A “vaccine ceiling” may be approaching for some people who have already received three doses, according to new research, suggesting it may not be necessary to keep getting jabbed against Covid-19 on a rolling basis.
Health officials are currently assessing whether to broaden out the UK’s current booster programme beyond over-75s, care home residents and those with weakened immune systems.
But a new study led by academics at the University of Southampton suggests there is a “hint” that some people might have already reached a “ceiling” in terms of the amount of protection that they could acquire from a fourth jab.
Professor Saul Faust, the leading scientist of the CovBoost trial, said this would be dependent on the type of vaccines that an individual has already received, prior dosage volumes, and immunity levels built up through vaccination and natural infection.
His study, which assessed the protection levels of more than 150 people before and after vaccination, found that some individuals with high antibody and T-cell counts “had limited boosting from the fourth dose, indicating that there could be a vaccine-specific ceiling effect.”
Some 166 people took part in the study and offered blood samples, which were examined for antibody levels.
For most trial participants, their antibody count waned in the period between a third and fourth dose. But a fortnight after the booster jab, these levels rose to new heights, or “over and above” what had previously been recorded, said Paul Faust.
Some participants had 12 to 16 times higher levels of antibodies in the blood a fortnight after they got their fourth shot, compared with the day it was delivered.
However, the study added, “some participants … maintained high levels of humoral and cellular responses even before the fourth dose and had limited boosting from the fourth dose.”
Prof Faust said: “There’s a hint from some of the people in the trial and some of the people in the trial who had had Covid … that vaccines might reach a ceiling and that will depend on the vaccine and the host immunity and the dose, and that is true for the over-70s and the under-70s.”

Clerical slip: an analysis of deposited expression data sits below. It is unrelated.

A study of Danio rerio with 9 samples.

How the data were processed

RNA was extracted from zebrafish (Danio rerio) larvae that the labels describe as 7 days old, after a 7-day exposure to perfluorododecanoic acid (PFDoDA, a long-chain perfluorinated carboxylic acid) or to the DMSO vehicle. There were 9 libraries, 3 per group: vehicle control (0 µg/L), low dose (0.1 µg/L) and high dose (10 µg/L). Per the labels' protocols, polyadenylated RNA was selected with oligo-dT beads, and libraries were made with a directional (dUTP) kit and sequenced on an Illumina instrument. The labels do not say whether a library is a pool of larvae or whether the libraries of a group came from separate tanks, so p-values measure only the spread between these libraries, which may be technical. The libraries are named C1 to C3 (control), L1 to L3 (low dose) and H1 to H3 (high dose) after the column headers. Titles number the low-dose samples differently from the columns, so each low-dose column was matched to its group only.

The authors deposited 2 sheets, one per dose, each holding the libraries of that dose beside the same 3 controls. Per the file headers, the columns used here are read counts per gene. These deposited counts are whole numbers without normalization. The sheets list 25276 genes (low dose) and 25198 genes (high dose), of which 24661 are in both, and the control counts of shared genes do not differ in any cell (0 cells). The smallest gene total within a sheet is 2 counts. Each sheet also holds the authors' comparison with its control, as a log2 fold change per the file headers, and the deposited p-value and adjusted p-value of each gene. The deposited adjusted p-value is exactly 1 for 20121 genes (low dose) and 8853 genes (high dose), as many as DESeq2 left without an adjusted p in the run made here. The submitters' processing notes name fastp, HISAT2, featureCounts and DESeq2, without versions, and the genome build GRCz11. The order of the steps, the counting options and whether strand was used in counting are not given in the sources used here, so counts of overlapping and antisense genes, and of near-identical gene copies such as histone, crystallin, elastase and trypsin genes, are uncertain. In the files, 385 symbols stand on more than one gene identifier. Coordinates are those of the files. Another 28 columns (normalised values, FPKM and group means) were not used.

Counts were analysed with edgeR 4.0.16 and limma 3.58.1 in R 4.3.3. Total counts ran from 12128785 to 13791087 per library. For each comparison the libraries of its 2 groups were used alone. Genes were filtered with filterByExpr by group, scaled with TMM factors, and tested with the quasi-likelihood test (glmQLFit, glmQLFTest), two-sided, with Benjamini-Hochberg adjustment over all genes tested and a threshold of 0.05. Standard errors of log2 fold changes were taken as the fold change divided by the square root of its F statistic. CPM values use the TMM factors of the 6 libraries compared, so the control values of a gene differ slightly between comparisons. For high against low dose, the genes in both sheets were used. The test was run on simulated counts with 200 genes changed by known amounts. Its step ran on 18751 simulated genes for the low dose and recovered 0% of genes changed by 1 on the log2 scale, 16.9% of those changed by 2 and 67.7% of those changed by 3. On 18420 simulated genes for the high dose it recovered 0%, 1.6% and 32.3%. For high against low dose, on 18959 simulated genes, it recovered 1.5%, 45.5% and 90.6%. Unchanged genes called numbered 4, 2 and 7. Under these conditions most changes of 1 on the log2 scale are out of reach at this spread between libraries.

A fourth dose might not “boost humoral and cellular responses if the baseline response is high,” the study said.
“These individual data are important for policy makers as the benefit of a fourth dose might be less in people who already have high levels of immune responses from recent infection or vaccination.”
The so-called “vaccine-ceiling effect” needs to be further explored in new studies, the scientists behind CovBoost wrote.
Prof Faust said the Joint Committee on Vaccination and Immunisation (JCVI) was examining his study’s results, along with other research, as it considers whether to broaden out the booster campaign and offer a fourth dose to more of the UK population later in the year.
As part of the CovBoost trial, researchers examined data on people who had two doses of the AstraZeneca jab, followed by a Pfizer booster, who then received either a Pfizer jab or half dose of a Moderna jab for their fourth vaccine.
They also looked at people who had three doses of Pfizer, followed by a fourth Pfizer shot or a half-dose Moderna jab. No severe side-effects were recorded among participants, with some reporting pain or fatigue.
A number of groups have been called forward for a spring booster, including people aged 75 and over, care home residents, and those aged 12 and over who are immunocompromised.
For most this will have been a fourth vaccine dose, but for some with a weakened immune system it will have been their fifth.
Prof Faust, director of the NIHR Southampton Clinical Research Facility, said the results of his study ultimately “underline the benefits of the most vulnerable people receiving current spring boosters and gives confidence for any prospective autumn booster programme in the UK, if the Joint Committee on Vaccination and Immunisation considers it needed at that time.”